Resource officers will return to schools
LISBON — Columbiana County commissioners have signed off on an agreement that enables county sheriff’s deputies to continue serving as school resources officers at the United Local school district and the county Career & Technical Center.
Commissioners this week agreed to renew the contract between the sheriff’s office and the county Department of Job and Family Services that allows the JFS to use federal public assistance money to help pay the cost of assigning deputies to the two schools.
The unique partnership began last year after the former JFS Director Eileen Dray-Bardon came up with the idea of using surplus TANF funds for this purpose. TANF is money that goes for programs to help prevent people from needing public assistance or getting them off public assistance. This includes helping at-risk youths stay in school and keeping two-parent households intact.
Dray-Bardon said these deputies, by their presence, create a safer school environment that makes it more conducive for learning. Students considered at risk would also benefit from coming in contact with a deputy, who they can learn to trust and hopefully turn to for help.
The estimated cost of the two deputies is a combined $175,000, with the JFS agreeing to pay a maximum of $146,594 and commissioners providing the difference.
The sheriff’s office also has deputies who also serve as school resource officers at the Crestview Local and Southern Local school districts and the Knox Elementary School in the West Branch district.
In other action, commissioners authorized the JFS to contract with Terry’s Furniture Showcase in North Lima to provide bedroom furniture for children from income-eligible households. This program uses TANF funds, with a contract ceiling of $22,000
JFS Director Rachel Ketterman also requested and received permission from commissioners to raise the maximum contract levels for the following service providers: Comfort Keepers, $42,000 to $72,500; Companion Care, $14,000 to $24,000; and Extreme Love & Helping Hands, $16,000 to $42,000.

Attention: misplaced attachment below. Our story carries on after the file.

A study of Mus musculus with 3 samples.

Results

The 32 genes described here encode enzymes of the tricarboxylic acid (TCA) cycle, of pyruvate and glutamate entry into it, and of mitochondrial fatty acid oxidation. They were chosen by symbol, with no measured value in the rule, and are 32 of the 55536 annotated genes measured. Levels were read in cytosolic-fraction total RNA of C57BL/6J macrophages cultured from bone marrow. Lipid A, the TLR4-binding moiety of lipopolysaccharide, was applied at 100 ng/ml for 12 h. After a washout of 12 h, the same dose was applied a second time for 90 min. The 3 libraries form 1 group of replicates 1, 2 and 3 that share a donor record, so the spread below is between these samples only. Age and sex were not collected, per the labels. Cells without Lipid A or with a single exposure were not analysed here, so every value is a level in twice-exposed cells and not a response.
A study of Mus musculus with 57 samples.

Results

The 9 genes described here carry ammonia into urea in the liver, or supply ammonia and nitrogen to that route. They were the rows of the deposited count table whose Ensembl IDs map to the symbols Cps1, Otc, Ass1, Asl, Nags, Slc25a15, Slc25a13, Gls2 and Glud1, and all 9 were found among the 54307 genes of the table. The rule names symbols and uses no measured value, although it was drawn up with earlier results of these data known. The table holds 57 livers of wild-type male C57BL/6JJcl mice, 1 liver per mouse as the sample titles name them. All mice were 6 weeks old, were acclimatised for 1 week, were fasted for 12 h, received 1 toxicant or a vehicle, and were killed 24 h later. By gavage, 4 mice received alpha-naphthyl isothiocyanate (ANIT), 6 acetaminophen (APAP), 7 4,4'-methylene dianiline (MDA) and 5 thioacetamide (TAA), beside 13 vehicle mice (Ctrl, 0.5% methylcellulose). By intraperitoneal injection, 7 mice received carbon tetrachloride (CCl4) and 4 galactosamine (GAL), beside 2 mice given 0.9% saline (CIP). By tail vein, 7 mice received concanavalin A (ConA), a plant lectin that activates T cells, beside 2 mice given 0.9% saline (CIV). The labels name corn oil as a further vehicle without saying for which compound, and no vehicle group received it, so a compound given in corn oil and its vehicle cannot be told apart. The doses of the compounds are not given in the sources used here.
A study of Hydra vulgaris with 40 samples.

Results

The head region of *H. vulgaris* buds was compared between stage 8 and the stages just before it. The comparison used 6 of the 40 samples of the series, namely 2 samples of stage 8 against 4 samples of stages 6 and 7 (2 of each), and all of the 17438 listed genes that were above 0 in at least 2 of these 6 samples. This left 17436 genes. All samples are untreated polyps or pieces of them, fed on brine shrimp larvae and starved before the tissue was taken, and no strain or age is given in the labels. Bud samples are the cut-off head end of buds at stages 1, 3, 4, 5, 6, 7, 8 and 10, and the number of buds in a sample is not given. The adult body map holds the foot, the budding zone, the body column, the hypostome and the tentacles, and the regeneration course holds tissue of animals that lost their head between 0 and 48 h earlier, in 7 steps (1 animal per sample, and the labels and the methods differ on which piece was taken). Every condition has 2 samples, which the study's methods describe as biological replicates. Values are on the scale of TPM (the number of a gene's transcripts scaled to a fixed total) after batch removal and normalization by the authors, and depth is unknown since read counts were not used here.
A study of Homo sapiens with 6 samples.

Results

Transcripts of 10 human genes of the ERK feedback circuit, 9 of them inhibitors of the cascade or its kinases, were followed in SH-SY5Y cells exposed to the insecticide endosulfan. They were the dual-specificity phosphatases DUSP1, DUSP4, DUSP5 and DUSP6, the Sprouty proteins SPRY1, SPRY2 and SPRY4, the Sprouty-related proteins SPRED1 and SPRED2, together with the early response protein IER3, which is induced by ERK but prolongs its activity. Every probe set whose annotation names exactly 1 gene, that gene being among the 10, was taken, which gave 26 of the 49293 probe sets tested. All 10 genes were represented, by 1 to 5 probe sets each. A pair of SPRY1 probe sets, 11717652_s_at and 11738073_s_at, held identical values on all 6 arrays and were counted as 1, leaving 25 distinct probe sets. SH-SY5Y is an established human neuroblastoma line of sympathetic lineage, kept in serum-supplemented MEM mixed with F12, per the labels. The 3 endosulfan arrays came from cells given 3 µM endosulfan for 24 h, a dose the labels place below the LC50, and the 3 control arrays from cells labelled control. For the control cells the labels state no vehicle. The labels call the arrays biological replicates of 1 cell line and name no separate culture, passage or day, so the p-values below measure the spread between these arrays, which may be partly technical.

The companies help elderly residents who still live in their homes with everyday household chores they can no longer perform, such as doing the laundry, cleaning up around the house, etc. Some also provide home health aid. Ketterman said they are seeing a greater demand for these services, which is why she needed to raise the spending limits.
The contracts are funded by the senior services levy passed by voters several years ago, and anyone can sign up for the services, regardless of income, although there is a sliding scale. The most anyone pays is 50 percent of the cost.
Finally, county Port Authority Director Penny Traina and county Development Director Tad Herold formally advised commissioners they have worked out the last of the details in creating a framework for how the two agencies will function as one in a joint effort to coordinate economic development efforts in the county.
The effort began when the two agencies moved into the same building last year and concluded with the creation of the framework, which spells out the responsibilities of each office. Many of the duties will be shared by both agencies.
Commissioner Mike Halleck said this is what he envisioned when first proposed several years ago in an attempt to better focus the county’s economic development efforts through increased cooperation between the two agencies.
“Happily, we’re all on the same page now,” he said.